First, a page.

Reporter Recalls Covering Japanese Quake, Tsunami NPR's John Burnett recently completed three weeks of reporting in Japan — and we hear some of his impressions. More than a month after the earthquake and tsunami, cities are still packed with debris, and hundreds of thousands of people are living in evacuation shelters. Burnett tells Michele Norris about the impact on the Japanese people — and about one tragic story he wished he could have told.


Reporter Recalls Covering Japanese Quake, Tsunami

Reporter Recalls Covering Japanese Quake, Tsunami


MICHELE NORRIS, Host:

NPR's John Burnett recently completed a three-week assignment in Japan, and he took some time to share with us the strongest impressions he'll take home with him.

JOHN BURNETT: I mean, think of a wave that hit in this one northern community up there, 124 feet tall was the height of the tsunami that the University of Tokyo researchers measured. That's taller than a 10-story building. The damage that this has done, I've never seen anything like it before, Michele.

NORRIS: Beyond the devastation of land, property, towns wiped out, what about the people you met? How are those who survived this holding up?

BURNETT: But people are holding up remarkably well. The Japanese really embody this concept of gaman, of endurance.

NORRIS: Is it something that they reach for almost by default, but in this moment, do they have to, sort of, try very hard to hold on to that? Is it something that they're clinging to, to help them survive?

BURNETT: I wouldn't say so. I mean, I think it comes organically. It's who they are. And they also understand tsunamis and they understand earthquakes in a profound way. Grandmothers and great-great-grandmothers have told them about the disaster that was wrought by these earlier great waves, so, you know, here we go again.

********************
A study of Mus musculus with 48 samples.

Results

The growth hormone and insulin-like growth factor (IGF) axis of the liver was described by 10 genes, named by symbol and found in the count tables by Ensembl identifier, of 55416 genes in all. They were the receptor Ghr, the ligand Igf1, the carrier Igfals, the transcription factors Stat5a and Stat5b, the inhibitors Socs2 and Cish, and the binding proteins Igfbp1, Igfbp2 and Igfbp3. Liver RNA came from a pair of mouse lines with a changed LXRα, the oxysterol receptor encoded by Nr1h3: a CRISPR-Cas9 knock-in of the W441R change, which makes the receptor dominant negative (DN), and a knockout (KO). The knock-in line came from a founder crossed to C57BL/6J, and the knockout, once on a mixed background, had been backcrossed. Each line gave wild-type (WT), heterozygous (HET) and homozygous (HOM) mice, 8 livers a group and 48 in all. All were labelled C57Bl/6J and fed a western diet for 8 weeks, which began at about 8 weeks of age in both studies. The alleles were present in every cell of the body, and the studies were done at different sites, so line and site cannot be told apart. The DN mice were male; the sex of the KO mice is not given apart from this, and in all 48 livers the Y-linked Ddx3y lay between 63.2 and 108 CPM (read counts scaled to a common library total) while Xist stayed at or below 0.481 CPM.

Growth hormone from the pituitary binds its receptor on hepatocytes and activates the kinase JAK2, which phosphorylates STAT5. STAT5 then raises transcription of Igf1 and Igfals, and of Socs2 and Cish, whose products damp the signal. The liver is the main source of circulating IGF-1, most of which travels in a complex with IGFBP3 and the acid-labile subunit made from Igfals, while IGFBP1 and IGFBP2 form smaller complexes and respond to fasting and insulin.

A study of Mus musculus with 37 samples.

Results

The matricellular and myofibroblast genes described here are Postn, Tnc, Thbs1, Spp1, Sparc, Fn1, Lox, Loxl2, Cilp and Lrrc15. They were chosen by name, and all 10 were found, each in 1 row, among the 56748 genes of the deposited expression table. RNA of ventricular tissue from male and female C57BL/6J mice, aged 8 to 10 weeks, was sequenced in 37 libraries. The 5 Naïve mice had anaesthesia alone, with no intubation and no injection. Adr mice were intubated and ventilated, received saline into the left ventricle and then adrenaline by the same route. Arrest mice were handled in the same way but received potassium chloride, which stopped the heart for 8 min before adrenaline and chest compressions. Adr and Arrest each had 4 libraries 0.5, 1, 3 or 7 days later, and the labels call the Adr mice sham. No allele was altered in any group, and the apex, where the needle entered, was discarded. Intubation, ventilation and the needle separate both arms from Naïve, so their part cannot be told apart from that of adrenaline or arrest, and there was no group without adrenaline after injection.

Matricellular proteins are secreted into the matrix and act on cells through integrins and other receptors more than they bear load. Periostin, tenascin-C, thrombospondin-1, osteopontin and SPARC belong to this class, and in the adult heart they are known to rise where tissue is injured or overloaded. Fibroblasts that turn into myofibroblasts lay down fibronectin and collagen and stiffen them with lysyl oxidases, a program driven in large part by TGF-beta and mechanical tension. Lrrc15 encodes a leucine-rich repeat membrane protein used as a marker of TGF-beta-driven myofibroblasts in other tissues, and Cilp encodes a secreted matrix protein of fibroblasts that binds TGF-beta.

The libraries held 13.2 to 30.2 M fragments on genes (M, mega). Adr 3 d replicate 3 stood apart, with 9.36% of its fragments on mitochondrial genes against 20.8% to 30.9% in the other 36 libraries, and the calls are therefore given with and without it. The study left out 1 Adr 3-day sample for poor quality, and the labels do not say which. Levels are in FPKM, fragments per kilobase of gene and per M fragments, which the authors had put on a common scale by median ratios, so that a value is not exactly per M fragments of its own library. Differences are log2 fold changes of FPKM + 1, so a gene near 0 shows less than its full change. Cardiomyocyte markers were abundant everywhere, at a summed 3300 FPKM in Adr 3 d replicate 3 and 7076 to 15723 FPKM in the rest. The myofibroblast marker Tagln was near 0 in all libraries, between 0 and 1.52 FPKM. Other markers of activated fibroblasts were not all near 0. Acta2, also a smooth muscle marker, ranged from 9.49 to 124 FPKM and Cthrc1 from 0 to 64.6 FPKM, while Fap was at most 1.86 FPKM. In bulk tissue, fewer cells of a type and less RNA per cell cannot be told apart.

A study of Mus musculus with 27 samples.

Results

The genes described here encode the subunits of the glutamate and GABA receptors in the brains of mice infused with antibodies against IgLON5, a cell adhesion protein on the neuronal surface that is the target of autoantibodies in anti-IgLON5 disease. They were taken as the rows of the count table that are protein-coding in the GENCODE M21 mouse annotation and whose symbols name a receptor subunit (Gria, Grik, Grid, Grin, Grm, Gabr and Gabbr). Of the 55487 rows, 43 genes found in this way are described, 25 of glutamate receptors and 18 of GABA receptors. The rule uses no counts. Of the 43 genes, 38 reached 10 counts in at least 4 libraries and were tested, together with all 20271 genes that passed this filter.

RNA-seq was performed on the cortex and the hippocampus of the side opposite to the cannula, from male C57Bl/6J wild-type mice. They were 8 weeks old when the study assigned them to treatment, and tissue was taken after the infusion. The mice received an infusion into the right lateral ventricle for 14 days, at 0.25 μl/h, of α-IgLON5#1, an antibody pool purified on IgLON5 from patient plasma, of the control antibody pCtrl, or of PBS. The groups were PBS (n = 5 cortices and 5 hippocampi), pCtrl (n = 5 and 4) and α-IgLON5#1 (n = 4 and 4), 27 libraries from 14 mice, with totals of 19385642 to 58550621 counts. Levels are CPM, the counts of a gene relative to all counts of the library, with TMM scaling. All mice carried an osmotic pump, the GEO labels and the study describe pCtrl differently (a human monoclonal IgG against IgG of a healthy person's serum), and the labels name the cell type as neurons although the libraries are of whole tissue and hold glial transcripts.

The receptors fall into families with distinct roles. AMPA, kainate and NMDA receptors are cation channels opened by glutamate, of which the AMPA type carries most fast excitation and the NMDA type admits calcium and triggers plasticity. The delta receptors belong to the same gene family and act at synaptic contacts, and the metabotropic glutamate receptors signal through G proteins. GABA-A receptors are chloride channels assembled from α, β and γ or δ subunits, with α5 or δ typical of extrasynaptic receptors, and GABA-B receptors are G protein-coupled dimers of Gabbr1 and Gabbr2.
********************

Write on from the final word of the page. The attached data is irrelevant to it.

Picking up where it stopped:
NORRIS: How much do people talk about the concerns over radiation exposure?

BURNETT: The relationship between the Japanese people and TEPCO, Tokyo Electric Power Company, which owns the nuclear plants, has really worn thin. And I think some Japanese are not trusting what they're hearing from the government and from TEPCO anymore in terms of radiation exposure.

NORRIS: John, I've got to let you go, but I have one last question for you. One of the reasons we wanted to talk to you is often when reporters leave a big story, there are certain things that stay in their notebook, things that they didn't quite get to. Is there a story that you wanted to report that you just didn't have time to get to?

BURNETT: There was. There was the story of a mayor in a city called Rikuzentakata who lost his wife in the tsunami, and he had to decide whether he was going to be the chief executive of his city and oversee its evacuation and continue to be the mayor, or was he going to run home and warn his wife and try to save her. And he stayed at city hall. And his house was on the seaside and his wife drowned. And he's living with that enormous weight of the choice that he made when the tsunami hit. And I'd heard about his story, and I wished I could have talked to him.

NORRIS: John, thank you very much. Thank you for your work. And thanks for making time for this.

BURNETT: It's my pleasure, Michele.

NORRIS: That was NPR's John Burnett.